By many accounts, social mobility in America has been on the decline for several decades. Families are increasingly marooned in their income class. Or worse, some adults actually seem to be falling out of the tax brackets in which they were raised (which is decidedly not the kind of mobility most of us have in mind).
New Census data suggest we’re losing mobility of a different kind: around and across the country, not just up and down its income scales. Americans are literally less mobile than they’ve been at any time since World War II. And this is a troubling trend, too. Some of the decline — which predates the recession — speaks to an aging population that isn’t all that interested in going anywhere. But much of it tracks the immobility of Americans — particularly 20- to 24-year-olds, who would presumably love to leave their parents’ basements if they could.
“Those are the years when people move,” said William Frey, a demographer at the Brookings Institution. “They break out of their parents’ homes, they break out of college, they’re starting their careers, they want to be off on their own. The fact that it’s had such a big decline, even in the last five years, means these young people are really putting off their careers, their family lives, their independence.”
Americans in this age group typically move more than anyone else. But that’s no longer the case. Those 25 to 29 years old have supplanted them.
Across the entire country, only 11.6 percent of residents moved last year — and Frey suggests, glumly, that some of these people relocated to move in with each other. By contrast, in the early 1950s, a staggering 20 percent of Americans up and moved each year.
“We knew it had gone down again,” Frey said of the latest numbers. “The question every year is how low can it go? At some point it’s going to pick up.”
The latest data show that people aren’t moving across the country. But they’re not moving across town, either. Intra-county migration is also at an all-time low, following a steady decline that has tracked the aging of the population and the historic rise in homeownership rates.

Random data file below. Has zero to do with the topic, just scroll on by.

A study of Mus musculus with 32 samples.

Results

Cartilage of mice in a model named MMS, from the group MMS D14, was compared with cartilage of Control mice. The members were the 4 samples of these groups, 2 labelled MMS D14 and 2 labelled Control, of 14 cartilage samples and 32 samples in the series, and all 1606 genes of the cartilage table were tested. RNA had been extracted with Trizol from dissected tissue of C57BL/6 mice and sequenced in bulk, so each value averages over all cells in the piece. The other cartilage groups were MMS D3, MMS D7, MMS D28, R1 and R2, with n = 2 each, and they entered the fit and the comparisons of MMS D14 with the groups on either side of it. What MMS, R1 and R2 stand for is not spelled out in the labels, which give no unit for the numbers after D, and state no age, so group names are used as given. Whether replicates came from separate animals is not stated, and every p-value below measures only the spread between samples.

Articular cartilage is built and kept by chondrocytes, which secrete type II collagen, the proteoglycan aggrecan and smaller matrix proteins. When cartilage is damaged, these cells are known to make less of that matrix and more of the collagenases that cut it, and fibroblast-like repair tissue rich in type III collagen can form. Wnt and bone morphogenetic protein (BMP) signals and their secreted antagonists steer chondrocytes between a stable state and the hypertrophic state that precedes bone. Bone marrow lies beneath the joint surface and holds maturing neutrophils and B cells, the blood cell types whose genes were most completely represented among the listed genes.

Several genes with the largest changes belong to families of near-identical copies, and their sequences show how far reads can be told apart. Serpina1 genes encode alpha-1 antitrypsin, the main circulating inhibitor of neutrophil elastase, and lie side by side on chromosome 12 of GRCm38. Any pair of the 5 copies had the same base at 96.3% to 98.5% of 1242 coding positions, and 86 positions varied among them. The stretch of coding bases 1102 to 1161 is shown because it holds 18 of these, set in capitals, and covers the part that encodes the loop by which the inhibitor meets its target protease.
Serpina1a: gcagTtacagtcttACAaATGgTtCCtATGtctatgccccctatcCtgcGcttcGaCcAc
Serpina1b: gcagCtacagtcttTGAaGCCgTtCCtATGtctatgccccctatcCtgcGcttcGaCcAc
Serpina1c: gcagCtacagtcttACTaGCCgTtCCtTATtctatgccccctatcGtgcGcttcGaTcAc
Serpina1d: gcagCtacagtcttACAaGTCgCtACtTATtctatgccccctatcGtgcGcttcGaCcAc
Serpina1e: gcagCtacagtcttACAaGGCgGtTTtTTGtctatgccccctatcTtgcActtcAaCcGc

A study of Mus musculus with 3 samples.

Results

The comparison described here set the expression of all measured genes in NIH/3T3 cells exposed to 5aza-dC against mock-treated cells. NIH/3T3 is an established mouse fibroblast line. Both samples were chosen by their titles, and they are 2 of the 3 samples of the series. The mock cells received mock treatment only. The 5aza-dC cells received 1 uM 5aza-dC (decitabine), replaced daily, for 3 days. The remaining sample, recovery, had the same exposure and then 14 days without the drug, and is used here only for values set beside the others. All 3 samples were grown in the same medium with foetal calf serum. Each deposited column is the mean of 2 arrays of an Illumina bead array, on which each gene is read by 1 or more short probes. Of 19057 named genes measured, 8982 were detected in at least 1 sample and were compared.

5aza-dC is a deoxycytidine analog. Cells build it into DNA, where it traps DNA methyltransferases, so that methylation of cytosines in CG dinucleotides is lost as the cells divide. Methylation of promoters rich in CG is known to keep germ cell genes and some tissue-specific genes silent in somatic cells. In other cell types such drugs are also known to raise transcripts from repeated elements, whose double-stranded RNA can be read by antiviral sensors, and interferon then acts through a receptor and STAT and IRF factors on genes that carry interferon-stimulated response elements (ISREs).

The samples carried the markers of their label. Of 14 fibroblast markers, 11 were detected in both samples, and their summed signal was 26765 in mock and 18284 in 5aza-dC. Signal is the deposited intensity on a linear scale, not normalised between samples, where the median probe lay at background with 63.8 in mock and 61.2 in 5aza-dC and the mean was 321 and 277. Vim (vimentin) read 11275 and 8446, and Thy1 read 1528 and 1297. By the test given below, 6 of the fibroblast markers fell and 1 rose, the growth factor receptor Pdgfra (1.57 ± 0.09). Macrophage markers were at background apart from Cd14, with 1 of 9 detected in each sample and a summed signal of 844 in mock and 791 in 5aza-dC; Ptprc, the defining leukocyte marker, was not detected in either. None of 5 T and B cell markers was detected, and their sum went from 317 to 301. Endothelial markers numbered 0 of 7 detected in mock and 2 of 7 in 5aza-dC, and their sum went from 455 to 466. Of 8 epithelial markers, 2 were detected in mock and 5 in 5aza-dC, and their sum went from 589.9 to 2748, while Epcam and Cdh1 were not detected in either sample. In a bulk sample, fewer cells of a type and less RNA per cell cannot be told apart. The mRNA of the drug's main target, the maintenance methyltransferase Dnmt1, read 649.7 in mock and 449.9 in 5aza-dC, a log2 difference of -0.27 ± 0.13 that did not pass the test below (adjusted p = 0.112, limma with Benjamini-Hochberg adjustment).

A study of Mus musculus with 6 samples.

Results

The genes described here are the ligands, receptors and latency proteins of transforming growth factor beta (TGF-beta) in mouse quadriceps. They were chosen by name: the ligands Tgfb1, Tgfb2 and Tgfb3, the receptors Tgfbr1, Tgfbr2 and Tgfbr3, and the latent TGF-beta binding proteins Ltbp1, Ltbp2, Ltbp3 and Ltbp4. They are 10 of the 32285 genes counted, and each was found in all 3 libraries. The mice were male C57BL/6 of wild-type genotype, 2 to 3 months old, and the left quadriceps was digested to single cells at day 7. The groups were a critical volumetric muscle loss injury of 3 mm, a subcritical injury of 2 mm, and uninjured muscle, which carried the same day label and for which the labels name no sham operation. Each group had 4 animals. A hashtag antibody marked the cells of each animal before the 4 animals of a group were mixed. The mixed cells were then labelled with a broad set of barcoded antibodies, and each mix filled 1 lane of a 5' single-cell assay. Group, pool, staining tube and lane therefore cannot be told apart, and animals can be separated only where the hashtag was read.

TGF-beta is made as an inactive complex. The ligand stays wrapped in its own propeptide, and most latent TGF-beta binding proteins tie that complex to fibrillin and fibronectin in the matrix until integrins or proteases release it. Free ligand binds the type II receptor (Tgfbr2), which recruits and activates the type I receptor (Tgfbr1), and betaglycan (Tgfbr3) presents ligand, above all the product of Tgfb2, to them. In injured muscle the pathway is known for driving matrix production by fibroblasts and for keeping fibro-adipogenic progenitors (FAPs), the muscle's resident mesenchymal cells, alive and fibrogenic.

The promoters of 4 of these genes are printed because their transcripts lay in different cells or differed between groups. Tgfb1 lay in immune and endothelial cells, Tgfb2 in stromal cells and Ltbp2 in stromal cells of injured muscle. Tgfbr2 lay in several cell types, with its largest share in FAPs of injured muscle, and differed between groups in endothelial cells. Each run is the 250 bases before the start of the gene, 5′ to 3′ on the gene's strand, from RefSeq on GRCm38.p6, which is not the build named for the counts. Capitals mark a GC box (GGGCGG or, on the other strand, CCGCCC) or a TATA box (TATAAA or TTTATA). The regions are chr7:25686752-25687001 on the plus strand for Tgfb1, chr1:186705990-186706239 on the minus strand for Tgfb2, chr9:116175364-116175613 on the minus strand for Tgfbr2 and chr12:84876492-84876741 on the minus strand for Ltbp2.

Frey suggests that the decline in long-distance moves has had as much to do with the collapse of the housing bubble as the recession that followed. Typically, Americans move long distances for jobs.
“People were uncharacteristically making long-distance moves for housing reasons rather than employment reasons,” Frey said, “simply because they were able to get much more affordable homes in some parts of the country.”
This thinking was an anomaly of the housing boom. It sent droves of people to places like Las Vegas. But now a host of factors — the waning allure of cheap real estate, the lack of jobs worth moving to and the simple fact that people can’t get rid of the homes they have — is holding households in place.
“There will be this kind of pent-up demand for a generation of people who will want to be able to get out and spread their wings, start their lives,” Frey predicted (although he’s at a loss to say when we can expect this to happen).
For now, all of this means that the communities that had long been population losers may be buying a little more time — and time that they could spend trying to change peoples’ minds.
“In the interim, some of these places that have been more stagnant. This allows them an opportunity for these stayers to give a second look to staying there,” Frey said. “Maybe they can find it isn’t so bad living in Cleveland or Toledo.”